Melanie Rigney reminds us that Jesus was poor and has a heart for the poor, like our own Pope Francis. Like the first followers of Christ who listened to him teach the Beatitudes, we attempt to see Christ in the least of our brothers and sisters. They are all around us in the poor, homeless, prisoners and victims of discrimination who may thank us or spit on us.
In Blessed Are You; Finding Inspiration From Our Sisters in Faith, Melanie points out that Jesus saw a bigger picture: spiritual poverty – and that includes ours. On the cross he experienced surrendering everything from his mother, career and dignity to his life
Melanie writes that we find spiritual poverty “in humbling ourselves and working and living simply; in stripping ourselves of all the titles and possessions that give us pride; in finding the faith to set aside all the fears and paranoia that give us anxiety.” Why? So we can empty ourselves of all that stands between God and us. To accept spiritual poverty is to understand that all we need is God and thus begin to see the kingdom of heaven.” Then she introduces us to four women who experienced spiritual poverty in different ways.
Chiara Badano gives us an example of courage for the time we prepare to abandon the things and the people we love to join Christ in that final earthly farewell. This beautiful 16-year-old tennis player developed bone cancer in the1980s. Her special relationship with the Lord blossomed in the Focolare Movement (founded by Chiara Lubich), which emphasized Christ forsaken on the cross. Chiara Badano spent her illness offering her suffering to the forsaken Christ by gently helping others and preparing for heaven by planning every detail of her funeral. She was beautified in 2010. Chiara on spiritual poverty: ”If you want it, Jesus, so do I.”
Maria Faustina Kowalska teaches us single-mindedness. God desires us to continue down the path he lights, whether or not others think that is where we belong.
She experienced spiritual poverty through obedience. Her parents didn’t support her desire to be a nun. When she was nineteen, while at a dance with her sister, Jesus appeared to her. He told her to join a convent 85 miles away in Warsaw. She said good-bye to her sister and left on a train without seeing her parents or knowing anyone in Warsaw. Her spiritual poverty increased as many convents rejected her, then she had to work for a year to pay for her habit. From her visions of Jesus and dialog with him came the Divine Mercy image of Jesus, chaplet and Feast of Mercy – but not without physical and emotional suffering, rejection and persecution. Her writings were banned until Pope John Paul II reversed the ban. The fruit of her spiritual poverty is seen today as more than 100 million Catholics worldwide follow the Divine Mercy devotion.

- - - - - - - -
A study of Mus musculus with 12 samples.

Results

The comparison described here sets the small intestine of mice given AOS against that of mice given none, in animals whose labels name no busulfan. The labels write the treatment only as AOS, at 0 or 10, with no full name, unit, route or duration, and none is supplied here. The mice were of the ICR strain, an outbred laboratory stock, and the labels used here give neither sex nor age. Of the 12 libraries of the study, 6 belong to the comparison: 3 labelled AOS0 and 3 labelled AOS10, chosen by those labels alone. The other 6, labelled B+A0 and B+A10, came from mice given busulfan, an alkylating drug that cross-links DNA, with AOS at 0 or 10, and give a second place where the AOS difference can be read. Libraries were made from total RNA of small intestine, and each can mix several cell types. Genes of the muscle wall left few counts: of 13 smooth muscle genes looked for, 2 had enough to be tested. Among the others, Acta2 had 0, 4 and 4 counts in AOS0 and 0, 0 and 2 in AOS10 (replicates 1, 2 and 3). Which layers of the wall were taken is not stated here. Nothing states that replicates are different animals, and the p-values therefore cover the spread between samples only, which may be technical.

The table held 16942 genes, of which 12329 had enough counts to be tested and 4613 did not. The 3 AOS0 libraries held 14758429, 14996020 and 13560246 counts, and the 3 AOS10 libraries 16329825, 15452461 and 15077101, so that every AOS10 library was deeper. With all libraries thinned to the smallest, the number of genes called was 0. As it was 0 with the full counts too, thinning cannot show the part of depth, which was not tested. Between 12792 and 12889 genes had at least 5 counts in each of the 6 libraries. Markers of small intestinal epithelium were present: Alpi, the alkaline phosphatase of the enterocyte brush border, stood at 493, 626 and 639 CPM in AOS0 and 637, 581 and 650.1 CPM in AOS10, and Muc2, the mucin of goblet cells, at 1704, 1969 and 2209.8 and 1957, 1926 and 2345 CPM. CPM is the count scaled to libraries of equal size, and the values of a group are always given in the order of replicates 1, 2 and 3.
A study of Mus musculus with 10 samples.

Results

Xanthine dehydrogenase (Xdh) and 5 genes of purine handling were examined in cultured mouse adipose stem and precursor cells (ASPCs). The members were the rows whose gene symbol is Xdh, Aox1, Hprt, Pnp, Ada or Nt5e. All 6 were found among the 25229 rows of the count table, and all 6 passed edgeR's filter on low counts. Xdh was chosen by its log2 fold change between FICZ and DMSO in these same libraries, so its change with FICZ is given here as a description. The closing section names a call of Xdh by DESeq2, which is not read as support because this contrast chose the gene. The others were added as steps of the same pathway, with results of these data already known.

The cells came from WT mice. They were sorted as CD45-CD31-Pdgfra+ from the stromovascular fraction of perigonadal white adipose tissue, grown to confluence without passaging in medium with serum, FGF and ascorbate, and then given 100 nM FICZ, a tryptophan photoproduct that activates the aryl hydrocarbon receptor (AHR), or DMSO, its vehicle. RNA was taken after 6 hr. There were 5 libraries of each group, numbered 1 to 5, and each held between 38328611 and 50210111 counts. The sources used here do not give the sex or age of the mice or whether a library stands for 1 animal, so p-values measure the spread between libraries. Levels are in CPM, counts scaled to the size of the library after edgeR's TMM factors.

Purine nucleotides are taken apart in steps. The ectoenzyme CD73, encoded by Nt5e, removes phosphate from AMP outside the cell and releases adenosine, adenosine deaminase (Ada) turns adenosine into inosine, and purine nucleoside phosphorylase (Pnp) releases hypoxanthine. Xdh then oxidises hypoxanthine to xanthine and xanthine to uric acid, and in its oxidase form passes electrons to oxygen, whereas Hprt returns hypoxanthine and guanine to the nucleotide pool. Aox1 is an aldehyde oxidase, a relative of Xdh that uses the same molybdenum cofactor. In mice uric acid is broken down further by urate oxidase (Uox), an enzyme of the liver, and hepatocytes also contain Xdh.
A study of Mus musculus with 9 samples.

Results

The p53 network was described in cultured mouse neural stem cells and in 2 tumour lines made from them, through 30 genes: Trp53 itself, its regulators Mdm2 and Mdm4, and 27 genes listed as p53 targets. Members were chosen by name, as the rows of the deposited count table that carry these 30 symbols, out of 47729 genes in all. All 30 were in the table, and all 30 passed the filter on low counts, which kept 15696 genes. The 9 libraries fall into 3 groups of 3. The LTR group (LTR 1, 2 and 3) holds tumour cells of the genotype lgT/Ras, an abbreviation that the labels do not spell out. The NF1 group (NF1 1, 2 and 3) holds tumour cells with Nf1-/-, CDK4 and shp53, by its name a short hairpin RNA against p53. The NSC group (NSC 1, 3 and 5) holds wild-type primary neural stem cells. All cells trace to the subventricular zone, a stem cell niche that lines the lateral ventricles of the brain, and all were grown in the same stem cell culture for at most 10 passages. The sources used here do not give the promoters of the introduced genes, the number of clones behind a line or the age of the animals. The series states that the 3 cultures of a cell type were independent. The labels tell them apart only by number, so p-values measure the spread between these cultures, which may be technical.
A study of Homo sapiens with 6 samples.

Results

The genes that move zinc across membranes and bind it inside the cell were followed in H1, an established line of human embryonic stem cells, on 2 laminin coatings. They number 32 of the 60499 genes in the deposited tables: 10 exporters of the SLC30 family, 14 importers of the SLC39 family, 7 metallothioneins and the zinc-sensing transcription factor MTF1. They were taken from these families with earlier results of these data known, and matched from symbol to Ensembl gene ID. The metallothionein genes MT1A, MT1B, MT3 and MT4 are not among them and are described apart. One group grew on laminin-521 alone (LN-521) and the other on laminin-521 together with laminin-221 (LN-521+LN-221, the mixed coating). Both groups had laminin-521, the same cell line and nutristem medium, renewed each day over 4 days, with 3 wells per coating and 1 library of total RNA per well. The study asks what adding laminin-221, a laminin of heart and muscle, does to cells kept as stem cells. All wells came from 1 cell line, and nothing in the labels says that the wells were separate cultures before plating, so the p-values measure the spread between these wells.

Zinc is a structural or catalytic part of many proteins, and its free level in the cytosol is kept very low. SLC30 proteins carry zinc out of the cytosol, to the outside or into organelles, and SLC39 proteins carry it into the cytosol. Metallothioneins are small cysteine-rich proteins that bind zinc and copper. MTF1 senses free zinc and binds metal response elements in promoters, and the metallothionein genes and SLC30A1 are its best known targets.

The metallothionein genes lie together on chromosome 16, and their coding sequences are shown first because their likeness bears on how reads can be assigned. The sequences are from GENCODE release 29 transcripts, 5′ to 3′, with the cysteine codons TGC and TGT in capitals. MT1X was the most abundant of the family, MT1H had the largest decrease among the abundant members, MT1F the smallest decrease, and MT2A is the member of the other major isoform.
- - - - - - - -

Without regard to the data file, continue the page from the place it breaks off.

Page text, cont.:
Grace in ignominy
Jeanne Jugan, known as Mary of the Cross, teaches us to have the grace not to rise to the bait when others, especially those with power over us, angle to take credit for what we’ve done.
She worked as a kitchen maid, hospital nurse, servant and spinner. In her late forties, she took in a disabled elderly woman who was destitute. By fifty she bought a building to house forty people. Thus began the Little Sisters of the Poor, whose rule called for the sisters to beg door to door to restore dignity to the lives of those they served.
After she won an humanitarian award, a priest overrode her reelection as superior and put Jeanne to begging. When the rule was approved he ordered her back to the motherhouse, stripping her of her service to the poor, which she loved. She died without members of her congregation knowing about her.
It was 23 years before she was recognized as the founder. She was canonized in 2009. In more than thirty countries on six continents her sisters continue what her heroic humility began and endures through injustice. Jeanne on spiritual poverty: “It is so good to be poor, to have nothing, to depend on God for everything.”
Patience in unfair treatment
Germaine Cousin helps us learn not to obsess about slights and injustices. A disabled child whose mother died when she was an infant, Germaine suffered under her stepmother who treated her worse than a servant. All she had was her love for God and she shared it with whomever she could.
The miraculous incident that put Germaine into her rightful place in the family came with threat of punishment. The stepmother accused Germaine of stealing bread and hiding it in her apron. Germaine opened the apron on that winter day and revealed summer flowers, radiant and beautiful. But she preferred to stay in the barn. There she was found dead at 22, leaving a vivid legacy as an example of humble acceptance and embrace of spiritual poverty.
Germaine on spiritual poverty: “Dear God, please don’t let me be too hungry or too thirsty. Help me to please my mother. And help met to please you.”
Melanie takes us deeper with reflections putting us in circumstances similar to those of the saints but relevant to our lives. She adds abundant resources for us to get to know other sisters in the faith with the gift of spiritual poverty.
Next stop on the Blog Tour: Allison Gringas on Justice at Reconciled to You
Melanie Rigney is the author of Sisterhood of Saints: Daily Guidance and Inspiration, and a contributor to Living Faith, a 650,000-circulation Catholic devotional. She writes weekly for Your Daily Tripod, A Catholic blog, and has a monthly newsletter. "Sisters and Friends: Refresh Your Soul with Melanie Rigney." Melanie has spoken at the National Catholic Women's Conference, as well as several of their regional gatherings: numerous parishes, bookstores, and diocesan events; and several Theology on Tap sessions.